Assess Your Risk of Falling - Part 1 of 2 on Falls Prevention

Oct 20, 2014

Dr. Mackarey's Health & Exercise ForumARE YOU AT RISK OF FALLING?

1st of 2 Columns on Fall Prevention

New research shows that falls are the number one cause of serious orthopedic injuries such as hip fractures in the elderly. As a result, falls prevention has become a health care priority. Studies also show that a comprehensive medical evaluation and a falls prevention rehabilitation program are very effective in lower the risk of falls

To determine your risk first it is necessary to define “a fall”.  A fall is an unplanned, unexpected contact with a supporting surface. A supporting surface is not only the floor or ground, but could be a chair (when rising and you fall backwards), a wall (when loss of balance causes you to bump into a wall) or a counter (when reaching overhead loss of balance causes you to bump into the countertop).


How likely are you to fall? Two quick tests that can determine your fall risk:

  •  Timed Up and Go Test: This test :requires that you stand up from a chair, walk 3 meters (10 yards), turn around, walk back and return to the seated position. If completed in10 seconds, you are considered independent. However, if more than 14 seconds is required, you are at risk for a fall.
  • Functional Reach Test (See Photo A): Tape a yardstick horizontally along the wall at shoulder height. Stand with feet shoulder width apart. Raise one arm so it is parallel to floor and in line with the yardstick. Without moving feet, reach forward without losing your balance. Measure the number of inches reached along the yardstick before you lost your balance. If your reach is 10 inches or more you are not likely to fall. However, if your reach was less than 10 inches, you are two times more likely to fall. If less than 6 inches, you are 4 times more likely to fall.


What are the reasons why an older adult may be at risk for a fall?

Age related changes in strength, endurance, flexibility, reflexes, vision and posture creates a greater risk of falls in the elderly. The strength and endurance of your leg muscles decline with age. Strength can be reduced up to 40% by 80 years of age! The flexibility of your spine as well as ankle joints diminishes. Arthritis and pain can further limit motion in these joints. A stooped posture interferes with proper postural alignment and increases fall risk. Ankle flexibility is essential for effective balance responses and reflexes. Diminished sensation in the legs and feet (i.e. peripheral neuropathy) decreases responses to balance threats.  Cataracts, macular degeneration and retinal disease reduce your ability to use vision to maintain and/or regain balance and contribute to falls. Distractions can cause a fall since many older adults require more attention to complete a task safely. Anxiety and fear of falling can have a negative effect on balance performance.

Why is it important to address the issues that put you at risk for a fall?

Identifying and remedying all possible causes may prevent a fall. Preventing or reducing the likelihood of a fall may improve your quality of life. Elderly people who have fallen avoid performing basic physical and social activities (walking, shopping) because of fear of falling. If a fall causes a hip fracture, the resulting mobility deficits may prevent living independently and require nursing home placement. Fall prevention can lower health care costs. Health care costs of fall injuries for individuals 65 and older exceeded $19 billion in 2000.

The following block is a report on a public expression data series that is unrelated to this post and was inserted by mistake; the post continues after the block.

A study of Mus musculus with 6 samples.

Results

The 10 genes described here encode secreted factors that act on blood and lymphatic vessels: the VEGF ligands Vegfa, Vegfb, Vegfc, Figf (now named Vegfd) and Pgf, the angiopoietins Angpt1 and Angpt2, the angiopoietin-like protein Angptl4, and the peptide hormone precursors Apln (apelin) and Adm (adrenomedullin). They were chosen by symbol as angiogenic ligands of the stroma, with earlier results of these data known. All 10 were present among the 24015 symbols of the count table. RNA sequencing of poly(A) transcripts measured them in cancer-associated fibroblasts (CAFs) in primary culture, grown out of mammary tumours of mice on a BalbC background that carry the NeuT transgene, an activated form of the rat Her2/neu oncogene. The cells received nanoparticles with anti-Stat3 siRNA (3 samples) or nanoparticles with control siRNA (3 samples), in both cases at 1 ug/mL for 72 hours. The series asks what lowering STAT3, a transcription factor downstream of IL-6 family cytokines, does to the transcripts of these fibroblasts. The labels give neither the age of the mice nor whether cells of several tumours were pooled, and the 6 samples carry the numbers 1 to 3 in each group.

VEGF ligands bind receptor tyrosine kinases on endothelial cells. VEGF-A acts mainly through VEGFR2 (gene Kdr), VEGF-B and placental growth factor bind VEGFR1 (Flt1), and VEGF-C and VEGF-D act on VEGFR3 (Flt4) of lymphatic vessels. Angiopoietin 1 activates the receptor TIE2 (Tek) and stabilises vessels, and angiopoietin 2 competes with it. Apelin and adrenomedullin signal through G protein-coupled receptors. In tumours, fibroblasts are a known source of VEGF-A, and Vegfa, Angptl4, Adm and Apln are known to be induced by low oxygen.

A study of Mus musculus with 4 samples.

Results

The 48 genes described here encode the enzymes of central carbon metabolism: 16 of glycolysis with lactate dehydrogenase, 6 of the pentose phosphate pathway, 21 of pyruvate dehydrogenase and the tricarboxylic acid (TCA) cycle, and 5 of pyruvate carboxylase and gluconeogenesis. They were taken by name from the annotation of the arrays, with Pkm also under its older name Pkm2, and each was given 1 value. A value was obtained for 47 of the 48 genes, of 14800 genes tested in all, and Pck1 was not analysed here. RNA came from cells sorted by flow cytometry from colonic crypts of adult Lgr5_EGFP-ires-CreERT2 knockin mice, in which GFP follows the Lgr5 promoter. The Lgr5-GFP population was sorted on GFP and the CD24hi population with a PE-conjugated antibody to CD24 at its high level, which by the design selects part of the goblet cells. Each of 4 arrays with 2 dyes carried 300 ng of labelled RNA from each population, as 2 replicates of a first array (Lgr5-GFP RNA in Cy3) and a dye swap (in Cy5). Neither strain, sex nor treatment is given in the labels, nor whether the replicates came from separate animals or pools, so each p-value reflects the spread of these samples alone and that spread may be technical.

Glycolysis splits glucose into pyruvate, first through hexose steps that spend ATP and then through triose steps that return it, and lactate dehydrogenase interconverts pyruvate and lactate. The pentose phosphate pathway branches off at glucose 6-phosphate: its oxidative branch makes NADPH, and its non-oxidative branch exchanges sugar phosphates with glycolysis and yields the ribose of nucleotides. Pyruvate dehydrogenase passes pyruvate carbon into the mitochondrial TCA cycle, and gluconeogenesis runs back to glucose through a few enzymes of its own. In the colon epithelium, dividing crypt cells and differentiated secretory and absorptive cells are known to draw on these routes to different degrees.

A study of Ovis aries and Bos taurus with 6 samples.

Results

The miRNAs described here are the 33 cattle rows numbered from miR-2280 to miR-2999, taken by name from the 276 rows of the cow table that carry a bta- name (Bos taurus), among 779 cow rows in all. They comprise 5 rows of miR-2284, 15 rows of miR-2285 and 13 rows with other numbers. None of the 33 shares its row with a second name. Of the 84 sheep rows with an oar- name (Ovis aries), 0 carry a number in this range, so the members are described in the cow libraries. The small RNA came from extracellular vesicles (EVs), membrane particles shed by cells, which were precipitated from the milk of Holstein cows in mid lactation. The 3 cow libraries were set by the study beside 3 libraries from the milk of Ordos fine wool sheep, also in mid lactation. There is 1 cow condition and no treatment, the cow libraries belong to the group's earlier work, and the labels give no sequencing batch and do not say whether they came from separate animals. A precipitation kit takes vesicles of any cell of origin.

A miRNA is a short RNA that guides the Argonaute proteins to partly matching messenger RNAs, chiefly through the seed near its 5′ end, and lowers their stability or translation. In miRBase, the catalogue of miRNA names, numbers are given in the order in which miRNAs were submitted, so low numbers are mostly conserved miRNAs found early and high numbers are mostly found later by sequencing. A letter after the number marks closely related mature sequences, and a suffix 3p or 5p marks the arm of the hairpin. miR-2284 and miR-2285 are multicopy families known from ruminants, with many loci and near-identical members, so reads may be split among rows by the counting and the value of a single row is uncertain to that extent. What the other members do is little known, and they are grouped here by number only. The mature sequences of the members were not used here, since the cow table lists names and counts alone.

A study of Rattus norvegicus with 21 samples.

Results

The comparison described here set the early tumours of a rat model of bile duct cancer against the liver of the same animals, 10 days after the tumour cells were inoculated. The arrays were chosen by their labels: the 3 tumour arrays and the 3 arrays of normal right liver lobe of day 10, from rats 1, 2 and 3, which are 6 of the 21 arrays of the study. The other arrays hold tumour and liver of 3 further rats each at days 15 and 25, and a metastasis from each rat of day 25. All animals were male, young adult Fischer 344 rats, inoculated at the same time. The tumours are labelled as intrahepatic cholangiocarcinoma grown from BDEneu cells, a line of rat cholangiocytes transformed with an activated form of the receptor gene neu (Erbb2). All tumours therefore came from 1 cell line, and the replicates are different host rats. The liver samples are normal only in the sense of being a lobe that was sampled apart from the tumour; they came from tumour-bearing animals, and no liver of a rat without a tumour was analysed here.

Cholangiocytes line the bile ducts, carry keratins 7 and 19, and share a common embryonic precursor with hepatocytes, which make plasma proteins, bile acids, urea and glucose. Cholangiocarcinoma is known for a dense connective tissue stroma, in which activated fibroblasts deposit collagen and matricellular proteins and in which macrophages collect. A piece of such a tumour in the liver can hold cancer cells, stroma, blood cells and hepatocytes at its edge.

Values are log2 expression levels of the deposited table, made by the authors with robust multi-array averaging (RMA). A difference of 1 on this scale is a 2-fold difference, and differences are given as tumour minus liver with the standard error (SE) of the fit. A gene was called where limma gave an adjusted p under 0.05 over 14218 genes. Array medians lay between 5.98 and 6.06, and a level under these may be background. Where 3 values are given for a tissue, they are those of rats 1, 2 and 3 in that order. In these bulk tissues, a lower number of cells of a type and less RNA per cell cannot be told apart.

Quick and Easy Fall Prevention Exercises:

Improve Flexibility:

  • Calf Stretch (See Photo B):
    • Place hands on wall. Place leg to be stretched behind other leg. Keeping the knee straight, the heel down and the toes forward. Lean toward wall allowing the front knee to bend.
    • Hold: 30 seconds
    • Repeat: 3 times

Improve Leg strength:

  • Standing Toe Raises(See Photo C):
    • Standing facing a countertop, simultaneously lift front of feet and toes upwards. Only use counter if necessary.
    • Repetitions: 10
    • Sets: 3
  • Chair Squats (See Photo D):
    • Begin seated on edge of chair. Rise and return to sitting, without using arms, if possible. Elevate seat with pillow if too difficult from a standard height chair.
    • Repetitions: 10
    • Sets: 3

Improve Balance:

  • Stand on One Leg (See Photo E):
    • Practice balancing on one leg facing a countertop. Only use counter if necessary.
    • Hold: 15 seconds
    • Repeat: 3 times with each leg
  • Heel to Toe Walking (See Photo F):
    • In a narrow hallway, practice walking heel to toe. You can use a strip of tape to “walk the line.”
    • Duration: 2 to 5 minutes



Guest Contributor: Janet Caputo, PT, DPT, OCS specializes in orthopedic and neurological rehabilitation as an associate at Mackarey & Mackarey Physical Therapy Consultants, LLC.

Read “Health & Exercise Forum” in the Scranton Times-Tribune every Monday…Next Week Read: Part 2 of 2 on Fall Prevention!  This article is not intended as a substitute for medical treatment. If you have questions related to your medical condition, please contact your family physician. For further inquires related to this topic email:

Paul J. Mackarey PT, DHSc, OCS is a Doctor  in Health Sciences specializing in orthopaedic and sports physical therapy. Dr. Mackarey is in private practice and is an associate professor of clinical medicine at The Commonwealth Medical College.